Ensembles for D-Day

Shilpa Nair Anand
The Hindu
Bejewelled: Jewellery by Ashaa Sebastian

Bridal ensembles pair both couture and jewellery now for that coordinated look. Accessories have become as important as clothes

It is a marriage of jewellery and couture, literally. Ashaa Sebastian Mattathil of M.O.D Signature Jewellery and Reshma Mather and Famitha Latheef of Fariyadh have come together to give brides the perfect look on their wedding day.

Gone are the days when mothers of brides-to-be swept into jewellery shops and shopped to their heart’s content. This shopping trip would follow or precede trips to sari shops and voila! the bridal look would be ready. The ‘beautician’ would step in and the bride would be ready. If one goes by what Reshma and Famitha say, it’s not so anymore.

The bride walks in with her ideas and it is only at the fittings that the mother and other family members come in. The concept of a wedding trousseau is catching up, says Famitha. “Brides-to-be have a clear notion of what they are going to wear. A lot of thought goes into what has to be worn for each function,” she says. And experimentation is the order of the day. And we are not talking about the outfit but the entire look which is finalised after series of discussions. The discussion involves not just Famitha and Reshma but also Ashaa, the jewellery designer.

Offsetting heavy jewellery

The designers work as a cohesive unit because the final look of the bride is of utmost importance. If Ashaa has designed a heavy neckpiece then the designers would keep the blouse simple. On the other hand if the earrings are heavy and there's no neckpiece, then the blouse would be heavy. “Generally we see the jewellery before we design the outfit, so that both pair well. The jewellery and the garment should not jar,” Famitha says. Seeing the jewellery doesn’t, however, mean lifting motifs from the jewellery on to the garment, “that is very out. We try to incorporate the look but not too obviously.”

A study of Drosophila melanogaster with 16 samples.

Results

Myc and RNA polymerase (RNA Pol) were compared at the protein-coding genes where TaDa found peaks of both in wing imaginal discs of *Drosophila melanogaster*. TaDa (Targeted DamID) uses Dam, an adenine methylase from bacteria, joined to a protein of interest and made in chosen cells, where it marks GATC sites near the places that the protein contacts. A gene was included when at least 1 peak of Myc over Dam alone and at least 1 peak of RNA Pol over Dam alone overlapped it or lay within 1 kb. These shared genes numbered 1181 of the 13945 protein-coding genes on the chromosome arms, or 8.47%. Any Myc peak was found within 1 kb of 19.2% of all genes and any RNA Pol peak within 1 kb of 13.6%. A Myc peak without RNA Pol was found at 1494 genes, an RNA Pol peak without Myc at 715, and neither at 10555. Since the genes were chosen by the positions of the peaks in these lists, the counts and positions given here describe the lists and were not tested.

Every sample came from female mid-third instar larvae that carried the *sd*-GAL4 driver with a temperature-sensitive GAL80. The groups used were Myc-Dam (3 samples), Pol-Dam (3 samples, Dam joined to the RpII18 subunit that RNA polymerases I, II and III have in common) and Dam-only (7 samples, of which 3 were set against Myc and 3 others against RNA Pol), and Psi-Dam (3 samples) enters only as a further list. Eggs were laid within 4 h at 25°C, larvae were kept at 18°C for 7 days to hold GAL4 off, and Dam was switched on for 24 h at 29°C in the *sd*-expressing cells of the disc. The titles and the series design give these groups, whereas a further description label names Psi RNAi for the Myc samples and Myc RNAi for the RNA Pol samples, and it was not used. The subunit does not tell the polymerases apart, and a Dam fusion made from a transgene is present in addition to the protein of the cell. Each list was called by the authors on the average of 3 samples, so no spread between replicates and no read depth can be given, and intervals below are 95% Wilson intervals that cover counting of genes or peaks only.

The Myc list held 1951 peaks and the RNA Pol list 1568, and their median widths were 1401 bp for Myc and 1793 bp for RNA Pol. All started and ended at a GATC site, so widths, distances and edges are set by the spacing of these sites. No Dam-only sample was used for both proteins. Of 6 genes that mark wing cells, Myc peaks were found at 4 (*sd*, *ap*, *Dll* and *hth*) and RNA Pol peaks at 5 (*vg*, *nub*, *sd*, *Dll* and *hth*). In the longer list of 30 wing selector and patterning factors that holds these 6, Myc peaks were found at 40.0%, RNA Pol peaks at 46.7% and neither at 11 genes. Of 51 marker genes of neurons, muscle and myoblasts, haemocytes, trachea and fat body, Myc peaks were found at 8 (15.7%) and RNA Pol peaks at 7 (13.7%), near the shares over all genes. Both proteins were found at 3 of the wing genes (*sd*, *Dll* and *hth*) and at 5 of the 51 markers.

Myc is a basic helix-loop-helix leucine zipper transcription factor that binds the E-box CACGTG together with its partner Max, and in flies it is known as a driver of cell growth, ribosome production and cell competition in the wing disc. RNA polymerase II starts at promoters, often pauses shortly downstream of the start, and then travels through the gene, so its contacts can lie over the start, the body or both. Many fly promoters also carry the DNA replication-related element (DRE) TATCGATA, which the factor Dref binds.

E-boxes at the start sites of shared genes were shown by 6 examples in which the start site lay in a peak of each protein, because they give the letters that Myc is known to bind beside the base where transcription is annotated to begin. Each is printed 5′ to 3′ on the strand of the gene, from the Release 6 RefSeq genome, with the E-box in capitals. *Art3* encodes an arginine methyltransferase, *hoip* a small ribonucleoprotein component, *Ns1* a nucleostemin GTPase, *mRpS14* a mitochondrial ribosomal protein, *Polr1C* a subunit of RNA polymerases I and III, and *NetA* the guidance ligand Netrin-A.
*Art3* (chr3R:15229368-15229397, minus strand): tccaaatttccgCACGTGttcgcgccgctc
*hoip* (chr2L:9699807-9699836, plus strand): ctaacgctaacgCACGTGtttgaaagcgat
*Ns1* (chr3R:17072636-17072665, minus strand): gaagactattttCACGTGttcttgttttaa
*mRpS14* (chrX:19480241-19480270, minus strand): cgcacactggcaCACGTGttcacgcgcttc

Ashaa, who has been designing jewellery for almost two-and-a-half decades, insists on not only seeing the outfit but also the bride. “I have to see the person who is going to wear the jewellery, whether she’ll carry it off or not.” When it comes to the ensembles the brides may be experimental, but when it comes to the jewellery their hearts are traditional, “with a slight contemporary twist.” For instance, she says, she’ll tweak the traditional nagapadam or kaashmala to give them a slightly modern look.